The University of Oxford Faculty of Law and University of Washington School of Law today announce the launch of the official website of the Cape Town Convention Academic Project.

The Project, a joint undertaking between the two Universities, is designed to facilitate the academic study and assessment of the Convention on International Interests in Mobile Equipment (the ‘Convention’), a leading transnational commercial law treaty to which 60 countries are party. The Convention provides international rules on the financing of aircraft, rail, and space equipment.

The Project has several components:  a comprehensive database of materials on the Convention, including its legislative history; an annual conference exploring the details of the Convention; an electronic journal on the Convention;  and preparation of materials to enhance the understanding and teaching of the Convention.

‘Our Universities are pleased to be working together on the Project given its central place in the field of transnational commercial law, an area in which we plan to cooperate more in the future ’, said Deans Timothy Endicott and Kellye Testy. Prof. Jeffrey Wool, executive director of the Project, added that ‘the Convention’s provisions, taken together, address property rights, insolvency, electronic commerce, and dispute resolution to a degree without precedent in the field of transnational commercial law’.   He also expressed his appreciation of the pioneering work on the Convention by Prof. Sir Roy Goode, and his role in establishing the Project.

The Project website contains a searchable database of primary and secondary materials on the Convention and Protocols, the preparatory work leading to their adoption, their implementation in national law, and subsequent administrative and judicial reporting; instructional materials; and law and economics assessment materials. ‘This site will assist scholars, lawyers, government officials, and commercial parties around the world with readily available and comprehensive materials on this important treaty, said Prof. Jon Eddy.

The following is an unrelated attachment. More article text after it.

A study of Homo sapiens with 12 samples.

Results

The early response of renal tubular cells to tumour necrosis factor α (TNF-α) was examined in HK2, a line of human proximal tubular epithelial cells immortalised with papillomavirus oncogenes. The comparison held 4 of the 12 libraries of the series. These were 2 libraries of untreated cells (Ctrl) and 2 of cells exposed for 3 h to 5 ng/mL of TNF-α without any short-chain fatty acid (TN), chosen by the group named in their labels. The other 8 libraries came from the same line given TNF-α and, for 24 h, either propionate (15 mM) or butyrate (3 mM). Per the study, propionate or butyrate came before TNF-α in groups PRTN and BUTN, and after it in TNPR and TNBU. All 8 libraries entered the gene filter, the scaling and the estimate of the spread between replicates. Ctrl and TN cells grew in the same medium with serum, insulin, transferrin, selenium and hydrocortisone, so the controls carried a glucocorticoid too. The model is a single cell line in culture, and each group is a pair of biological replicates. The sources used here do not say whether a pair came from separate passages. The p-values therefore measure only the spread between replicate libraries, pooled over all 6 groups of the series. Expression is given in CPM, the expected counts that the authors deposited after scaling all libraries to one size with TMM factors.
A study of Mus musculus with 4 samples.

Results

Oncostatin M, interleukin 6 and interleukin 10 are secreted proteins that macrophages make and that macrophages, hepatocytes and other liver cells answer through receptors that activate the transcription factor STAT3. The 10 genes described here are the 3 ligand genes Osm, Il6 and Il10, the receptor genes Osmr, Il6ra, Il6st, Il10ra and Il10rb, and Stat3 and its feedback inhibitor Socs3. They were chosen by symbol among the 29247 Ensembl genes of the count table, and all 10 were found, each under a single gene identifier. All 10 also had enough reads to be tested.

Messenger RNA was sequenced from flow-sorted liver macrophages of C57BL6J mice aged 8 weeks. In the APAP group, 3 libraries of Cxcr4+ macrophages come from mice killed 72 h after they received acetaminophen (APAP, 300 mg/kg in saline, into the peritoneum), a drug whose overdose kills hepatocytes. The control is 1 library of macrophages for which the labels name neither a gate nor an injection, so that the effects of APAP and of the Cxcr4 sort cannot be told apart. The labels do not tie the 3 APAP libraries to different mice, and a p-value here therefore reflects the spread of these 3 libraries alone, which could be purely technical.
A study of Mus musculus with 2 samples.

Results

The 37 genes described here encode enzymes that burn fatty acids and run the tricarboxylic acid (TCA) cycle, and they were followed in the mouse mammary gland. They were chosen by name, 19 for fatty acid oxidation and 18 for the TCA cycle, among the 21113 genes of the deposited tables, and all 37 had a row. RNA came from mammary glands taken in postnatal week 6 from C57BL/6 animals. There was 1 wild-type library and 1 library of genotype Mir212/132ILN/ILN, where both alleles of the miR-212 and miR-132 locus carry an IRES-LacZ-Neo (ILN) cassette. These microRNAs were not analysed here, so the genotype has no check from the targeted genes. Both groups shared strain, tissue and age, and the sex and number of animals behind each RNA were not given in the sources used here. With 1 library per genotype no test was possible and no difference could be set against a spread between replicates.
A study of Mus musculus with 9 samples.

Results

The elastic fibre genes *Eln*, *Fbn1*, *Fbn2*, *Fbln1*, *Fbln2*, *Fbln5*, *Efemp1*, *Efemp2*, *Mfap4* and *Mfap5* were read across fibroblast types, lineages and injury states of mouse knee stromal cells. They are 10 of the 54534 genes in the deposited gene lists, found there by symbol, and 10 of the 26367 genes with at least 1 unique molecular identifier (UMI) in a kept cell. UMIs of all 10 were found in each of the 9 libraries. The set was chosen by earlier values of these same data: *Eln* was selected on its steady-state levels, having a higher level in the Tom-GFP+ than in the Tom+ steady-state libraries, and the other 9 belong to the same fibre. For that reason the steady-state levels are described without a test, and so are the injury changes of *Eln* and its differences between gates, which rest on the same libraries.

The website also includes information about the Project’s annual conferences on the Convention, two of which have already been held in Oxford. Papers presented at the conferences included those on the effect of the Convention on conflicts of laws, electronic commerce, interim relief and insolvency, the provisions of the Convention on intangibles, non-consensual interests, public service and jurisdiction. There has also been more general discussion of the relationship between the Convention and national law, comparative law, and the teaching of transnational commercial law. ‘Oxford is pleased to provide a forum for the discussion of these cutting-edge legal issues’, said Prof. Louise Gullifer.

The Project also publishes the Cape Town Convention Journal, in which most of the papers presented at the conferences are published. Information on obtaining these Journals, which are free in electronic form, is available on the website.

The Universities note, with appreciation, the roles played by the International Institute for the Unification of Private Law (a partner in the repository and journal), the International Civil Aviation Organization and the International Organisation for Carriage by Rail (parties cooperating with the project), the Aviation Working Group (the founding sponsor of the Project), the Rail Working Group (assisting on rail-related content), and the International Society of Transport Aircraft Trading (which provided a financial contribution to offset the costs of creating the website).